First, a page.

Union Bosses Fear Workers Will Stick with Trump: ‘It’s a Serious Problem’
Union bosses, closely tied to the Democrat Party, say American union workers sticking with President Trump in 2020 and his economic nationalist agenda is “a serious problem” for them.
A report by the Wall Street Journal reveals how union bosses and Democrats are looking to peel off Trump’s support from American union workers who back his agenda, where most recently he has demanded multinational corporations move their production in China to the U.S.
The Journal reports:
“It’s a serious problem for us,” said Alan Netland, president of the North East Area Labor Council in Duluth, Minn., which represents 40,000 union members. “People may say, ‘I voted Republican and the world didn’t fall in, so maybe I better keep doing that.’” [Emphasis added]
Union officials, along with Democratic presidential candidates, are now trying to highlight what they see as a yawning gap between the president’s pro-worker rhetoric and his policies. [Emphasis added]
Democratic candidates have put appeals to working-class voters at the front of their campaigns. “I am a union man,” declared former Vice President Joe Biden, who leads in 2020 primary polls, during his campaign kickoff in Pennsylvania in May. [Emphasis added]
Vice President of the United Mine Workers of America in Uniontown, Pennsylvania, Chuck Knissel said based on the current 2020 Democrats running for president, it will be difficult to get union workers to vote for anyone other than Trump.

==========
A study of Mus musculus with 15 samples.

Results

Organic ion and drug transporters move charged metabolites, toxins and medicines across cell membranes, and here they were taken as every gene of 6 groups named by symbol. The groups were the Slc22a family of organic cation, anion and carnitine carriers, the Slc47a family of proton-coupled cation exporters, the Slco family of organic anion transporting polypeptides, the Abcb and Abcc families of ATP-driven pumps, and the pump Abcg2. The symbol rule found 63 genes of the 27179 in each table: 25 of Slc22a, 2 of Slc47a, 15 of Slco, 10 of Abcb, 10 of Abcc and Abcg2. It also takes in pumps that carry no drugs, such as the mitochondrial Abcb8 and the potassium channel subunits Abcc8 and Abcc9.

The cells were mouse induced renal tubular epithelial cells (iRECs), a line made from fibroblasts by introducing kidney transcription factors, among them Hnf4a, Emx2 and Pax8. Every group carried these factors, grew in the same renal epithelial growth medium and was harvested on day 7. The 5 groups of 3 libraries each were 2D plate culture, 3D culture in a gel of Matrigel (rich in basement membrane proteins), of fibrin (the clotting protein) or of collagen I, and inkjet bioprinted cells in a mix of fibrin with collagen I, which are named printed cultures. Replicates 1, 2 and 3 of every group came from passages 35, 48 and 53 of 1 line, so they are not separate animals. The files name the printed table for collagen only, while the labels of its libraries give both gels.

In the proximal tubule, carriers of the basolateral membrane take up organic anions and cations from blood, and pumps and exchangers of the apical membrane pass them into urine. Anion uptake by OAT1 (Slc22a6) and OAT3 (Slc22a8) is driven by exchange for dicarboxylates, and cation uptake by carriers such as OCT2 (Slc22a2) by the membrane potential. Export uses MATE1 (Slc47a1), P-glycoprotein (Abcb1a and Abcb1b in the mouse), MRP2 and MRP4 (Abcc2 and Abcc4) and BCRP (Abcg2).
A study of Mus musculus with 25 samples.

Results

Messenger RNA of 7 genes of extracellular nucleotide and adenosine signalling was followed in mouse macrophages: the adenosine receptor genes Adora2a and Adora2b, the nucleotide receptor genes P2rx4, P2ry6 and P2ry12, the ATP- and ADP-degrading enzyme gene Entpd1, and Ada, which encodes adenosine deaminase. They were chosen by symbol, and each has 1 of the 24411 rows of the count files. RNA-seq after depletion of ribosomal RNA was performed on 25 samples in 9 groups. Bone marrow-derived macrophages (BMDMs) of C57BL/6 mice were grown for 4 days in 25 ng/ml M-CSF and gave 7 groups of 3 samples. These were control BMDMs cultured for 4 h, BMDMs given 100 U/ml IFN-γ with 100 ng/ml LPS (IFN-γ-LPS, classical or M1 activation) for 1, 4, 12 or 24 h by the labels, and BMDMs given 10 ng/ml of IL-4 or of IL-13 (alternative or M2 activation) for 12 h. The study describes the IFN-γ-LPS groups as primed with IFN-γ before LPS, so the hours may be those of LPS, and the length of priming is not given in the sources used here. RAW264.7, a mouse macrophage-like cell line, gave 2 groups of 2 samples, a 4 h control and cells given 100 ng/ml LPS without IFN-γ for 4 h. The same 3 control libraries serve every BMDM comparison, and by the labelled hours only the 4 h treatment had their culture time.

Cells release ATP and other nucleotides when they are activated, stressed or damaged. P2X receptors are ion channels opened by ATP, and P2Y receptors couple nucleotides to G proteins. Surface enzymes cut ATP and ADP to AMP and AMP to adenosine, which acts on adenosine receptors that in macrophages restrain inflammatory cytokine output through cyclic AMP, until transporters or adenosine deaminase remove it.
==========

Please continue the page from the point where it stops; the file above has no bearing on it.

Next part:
“It’s going to be tough to get our members to vote for a Democrat,” Knissel told the Journal.
In interviews with the Journal, union workers who supported Trump in 2016 said 2020 Democrats have “gone so far left” with positions such as forcing union workers off their current healthcare plans and onto Medicare, as well as their calls to eliminate the coal industry entirely and provide free taxpayer-funded healthcare to illegal aliens.
Some Democrat candidates, such as Sen. Bernie Sanders (I-VT), have been forced to shift their healthcare policy plans after union workers voiced opposition to the Medicare for All plan. Others, such as Sen. Elizabeth Warren (D-MA), have attempted to supplement their 2020 platforms with plans such as cracking down on corporations outsourcing American jobs — the agenda that Trump heralded in 2016.